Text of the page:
In one of his books, Captain John Smith wrote of building the first structure at Jamestown that was used as a church. According to his account, the settlers stretched a sail among the boughs and used rails to construct the sides of the structure. They sat on benches made of unhewed tree trunks. The altar was simply a log nailed to two neighboring trees. This was a purely temporary arrangement and is not counted as a church building.
First Church -- In 1607, the settlers built the first real church inside the fort. Smith related that this was a barn-like structure, but he gave few details. The settlers worshipped in it until it was destroyed by fire in January 1608.
Second Church -- The church which was built after the fire in 1608 was similar in appearance to the first church. When Lord De La Warr arrived as governor in 1610, he found that the church had fallen into a sad state of disrepair, so he had it restored and its furnishings improved. It is assumed that this is the church in which Ann Burras and John Laydon were married and their daughter, Virginia Laydon, was later baptized.
When Captain Samuel Argall came to Jamestown in 1617, he found "but five or six houses, the church downe, the palizados (palisades) broken, the bridge in pieces, the well of fresh water spoiled, the storehouse used for the church; the marketplace, the streets and all other spare places planted with tobacco; the savages as frequent in their homes as themselves, whereby they were become expert in our armes...the Colonie dispersed all about planting Tobacco."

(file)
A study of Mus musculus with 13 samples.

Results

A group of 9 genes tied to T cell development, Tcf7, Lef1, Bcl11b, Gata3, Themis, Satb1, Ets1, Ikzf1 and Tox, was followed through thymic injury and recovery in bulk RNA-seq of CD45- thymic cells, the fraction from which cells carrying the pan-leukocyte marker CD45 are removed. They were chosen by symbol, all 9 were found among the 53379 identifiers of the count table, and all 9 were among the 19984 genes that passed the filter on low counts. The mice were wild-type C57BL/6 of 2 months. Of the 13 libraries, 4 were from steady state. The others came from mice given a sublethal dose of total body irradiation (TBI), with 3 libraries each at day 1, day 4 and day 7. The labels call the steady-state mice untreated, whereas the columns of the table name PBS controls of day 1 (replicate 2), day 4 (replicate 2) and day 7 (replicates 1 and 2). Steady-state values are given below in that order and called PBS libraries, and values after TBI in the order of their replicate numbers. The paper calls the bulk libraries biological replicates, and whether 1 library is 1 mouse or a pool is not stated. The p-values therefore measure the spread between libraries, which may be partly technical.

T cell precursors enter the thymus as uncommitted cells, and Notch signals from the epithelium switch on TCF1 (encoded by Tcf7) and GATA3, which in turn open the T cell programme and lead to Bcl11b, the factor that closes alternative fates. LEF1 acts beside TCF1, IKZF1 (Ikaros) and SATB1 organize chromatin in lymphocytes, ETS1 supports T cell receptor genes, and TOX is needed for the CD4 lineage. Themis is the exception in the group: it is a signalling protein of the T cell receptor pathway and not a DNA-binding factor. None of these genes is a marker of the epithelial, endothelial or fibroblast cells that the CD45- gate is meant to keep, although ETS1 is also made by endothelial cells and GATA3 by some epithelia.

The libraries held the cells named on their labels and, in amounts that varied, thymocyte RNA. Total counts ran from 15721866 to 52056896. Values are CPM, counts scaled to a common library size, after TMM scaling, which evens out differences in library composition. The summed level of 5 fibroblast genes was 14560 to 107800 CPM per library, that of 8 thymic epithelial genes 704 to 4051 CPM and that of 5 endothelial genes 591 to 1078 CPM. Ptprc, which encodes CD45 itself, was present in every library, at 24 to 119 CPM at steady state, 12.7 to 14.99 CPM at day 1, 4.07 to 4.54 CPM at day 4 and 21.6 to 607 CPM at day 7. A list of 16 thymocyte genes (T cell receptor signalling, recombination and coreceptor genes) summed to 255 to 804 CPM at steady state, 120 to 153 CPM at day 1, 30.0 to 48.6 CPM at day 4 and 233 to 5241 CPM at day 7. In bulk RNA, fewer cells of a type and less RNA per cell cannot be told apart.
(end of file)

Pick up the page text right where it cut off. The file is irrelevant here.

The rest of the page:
Third Church -- In 1617, Captain Argall built a church. This is the first church known to have been built on the site where the present church stands. We know that this was constructed of timbers, but we do not know whether it was "wattle and daub" or a frame structure. The unusual feature of this church was its cobblestone foundation. This church is best remembered as the meeting place of the first Representative Legislative Assembly, which convened there on July 30, 1619. This church endured until 1639, when it was replaced by a brick structure.
Fourth Church -- This brick church was begun in 1639, but took about five years to complete. During Bacon's Rebellion in 1676, this church was burned. The extent of the damages is unknown. The church was subsequently repaired. It continued to serve its congregation until approximately 1750, when it was abandoned in favor of a new church constructed some three miles from Jamestown. Following its abandonment, the ravages of time and the elements took their toll until it eventually fell into a complete state of ruin, with the exception of most of its tower, which still stands today.
Fifth Church -- In 1907, the National Society of Colonial Dames of America erected a reconstruction church next to the original tower. This is the structure which visitors to Jamestown view today. The cobblestone foundations of the 1617 church, together with the brick foundations of the 1639 church, may be viewed under glass within the walls of the present church.
Did You Know?
Wells are great places to find artifacts because when they were no longer used they became the “trash cans” for the settlers. Archaeologists have excavated shoes, armor, swords, Flagons, pottery, various animal bones and many other items from the wells of Jamestown.